Williamsburg, Va. (April 17, 2020)—With crucial legal issues pending before them, many state Supreme Courts have turned to videoconferencing as a means to keep the wheels of justice turning in a time where social distancing makes in-person hearings difficult or impossible.
Information gathered by the National Center for State Courts (NCSC) indicates that the highest court in nearly two dozen states have already heard, or plan to hear, their oral arguments remotely. As of April 17, state supreme courts in Arizona, California, Kansas, Michigan, Minnesota, New Jersey, New Mexico, North Dakota, Ohio, Tennessee, Texas, and West Virginia have used video conferencing technology to gather justices and attorneys. Florida, Georgia, Idaho, Wisconsin and Wyoming have announced they will be using video technology for their upcoming oral arguments. Several other states either have (Alaska, Missouri, Vermont, Virginia) or soon will (Connecticut, Nebraska) employ teleconferencing to facilitate oral arguments. In most cases, either live audio or video feeds of the hearings are made available to the public, with some courts providing a recording shortly after the proceeding is completed.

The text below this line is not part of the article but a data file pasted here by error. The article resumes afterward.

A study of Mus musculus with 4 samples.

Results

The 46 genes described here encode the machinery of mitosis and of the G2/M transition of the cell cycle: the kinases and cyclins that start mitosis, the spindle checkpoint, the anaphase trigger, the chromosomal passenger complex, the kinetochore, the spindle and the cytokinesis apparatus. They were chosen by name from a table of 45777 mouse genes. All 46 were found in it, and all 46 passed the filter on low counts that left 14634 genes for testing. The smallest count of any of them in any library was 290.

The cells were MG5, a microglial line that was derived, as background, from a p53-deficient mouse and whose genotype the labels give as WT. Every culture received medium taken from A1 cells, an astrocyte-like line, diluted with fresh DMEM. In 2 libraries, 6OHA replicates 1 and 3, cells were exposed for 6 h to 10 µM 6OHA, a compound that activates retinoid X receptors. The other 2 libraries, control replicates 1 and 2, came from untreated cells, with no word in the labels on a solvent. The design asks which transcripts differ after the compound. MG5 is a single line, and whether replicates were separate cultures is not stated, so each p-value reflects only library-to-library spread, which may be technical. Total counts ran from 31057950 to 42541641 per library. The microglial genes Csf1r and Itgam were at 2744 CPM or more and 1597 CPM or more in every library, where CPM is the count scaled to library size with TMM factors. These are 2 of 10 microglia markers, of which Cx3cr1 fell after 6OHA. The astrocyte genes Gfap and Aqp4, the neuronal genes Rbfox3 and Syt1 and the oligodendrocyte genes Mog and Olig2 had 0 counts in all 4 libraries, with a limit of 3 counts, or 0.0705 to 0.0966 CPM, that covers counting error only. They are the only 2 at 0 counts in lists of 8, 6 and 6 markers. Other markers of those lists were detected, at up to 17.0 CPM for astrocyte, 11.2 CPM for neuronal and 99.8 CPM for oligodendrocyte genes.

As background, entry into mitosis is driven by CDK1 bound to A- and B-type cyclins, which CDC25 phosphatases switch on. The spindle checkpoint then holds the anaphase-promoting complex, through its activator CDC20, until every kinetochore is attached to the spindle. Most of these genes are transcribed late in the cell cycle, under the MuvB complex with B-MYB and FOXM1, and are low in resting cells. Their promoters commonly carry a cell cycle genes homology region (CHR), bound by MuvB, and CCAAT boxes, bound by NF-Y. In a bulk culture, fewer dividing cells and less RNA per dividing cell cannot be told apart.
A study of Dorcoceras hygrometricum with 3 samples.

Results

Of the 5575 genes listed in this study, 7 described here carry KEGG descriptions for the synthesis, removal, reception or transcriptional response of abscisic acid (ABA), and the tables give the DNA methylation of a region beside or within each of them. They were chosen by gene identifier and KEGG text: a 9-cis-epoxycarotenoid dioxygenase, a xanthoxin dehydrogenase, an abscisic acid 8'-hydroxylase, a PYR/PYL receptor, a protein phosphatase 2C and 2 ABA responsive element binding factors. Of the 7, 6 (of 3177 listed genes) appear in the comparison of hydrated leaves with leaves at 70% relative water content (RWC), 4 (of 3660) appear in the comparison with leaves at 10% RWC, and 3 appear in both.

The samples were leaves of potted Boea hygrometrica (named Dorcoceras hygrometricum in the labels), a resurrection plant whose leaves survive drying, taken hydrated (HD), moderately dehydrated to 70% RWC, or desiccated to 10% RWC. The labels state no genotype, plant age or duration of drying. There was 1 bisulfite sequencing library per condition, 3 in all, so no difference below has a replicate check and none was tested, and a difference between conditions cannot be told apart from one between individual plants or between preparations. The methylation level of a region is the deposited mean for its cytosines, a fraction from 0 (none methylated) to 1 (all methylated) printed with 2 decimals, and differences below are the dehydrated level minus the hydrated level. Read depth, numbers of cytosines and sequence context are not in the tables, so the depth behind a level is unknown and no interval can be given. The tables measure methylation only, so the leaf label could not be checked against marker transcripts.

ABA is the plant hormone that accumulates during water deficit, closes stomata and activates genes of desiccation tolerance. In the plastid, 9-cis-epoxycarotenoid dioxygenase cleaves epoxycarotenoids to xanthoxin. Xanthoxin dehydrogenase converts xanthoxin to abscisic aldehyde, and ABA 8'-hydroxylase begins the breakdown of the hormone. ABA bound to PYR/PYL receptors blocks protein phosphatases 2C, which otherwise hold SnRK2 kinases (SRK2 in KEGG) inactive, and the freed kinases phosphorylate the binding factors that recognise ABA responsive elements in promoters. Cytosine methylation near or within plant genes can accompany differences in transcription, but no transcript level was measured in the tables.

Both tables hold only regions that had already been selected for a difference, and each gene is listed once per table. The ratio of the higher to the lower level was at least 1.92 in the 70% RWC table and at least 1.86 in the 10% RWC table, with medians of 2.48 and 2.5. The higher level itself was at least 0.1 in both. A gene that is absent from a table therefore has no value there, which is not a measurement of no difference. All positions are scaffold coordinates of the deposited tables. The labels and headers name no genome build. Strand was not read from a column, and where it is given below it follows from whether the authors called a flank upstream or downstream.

One the national leaders in this effort is Chief Justice Nathan Hecht of Texas, who is currently serving as president of the national Conference of Chief Justices (CCJ). He is also chairman of the NCSC board.
“The COVID-19 pandemic has required many adjustments to the justice system,” Chief Justice Hecht said in his opening remarks of the first remote hearings held by the Texas Supreme Court. “Rather than proceed without argument, we have decided to proceed through remote connections.”
Chief Justice Hecht anticipates that the surge to videoconferencing brought on by the pandemic is forever changing how courts do business. “I can’t imagine that it’s not going to outlast the pandemic and change the way we do business generally, pretty profoundly,” he said.
NCSC is tracking this and other vital information about how courts are responding to the pandemic at ncsc.org/pandemic. NCSC is maintaining a data visualization highlighting key efforts aimed at maintaining access to justice while ensuring public health.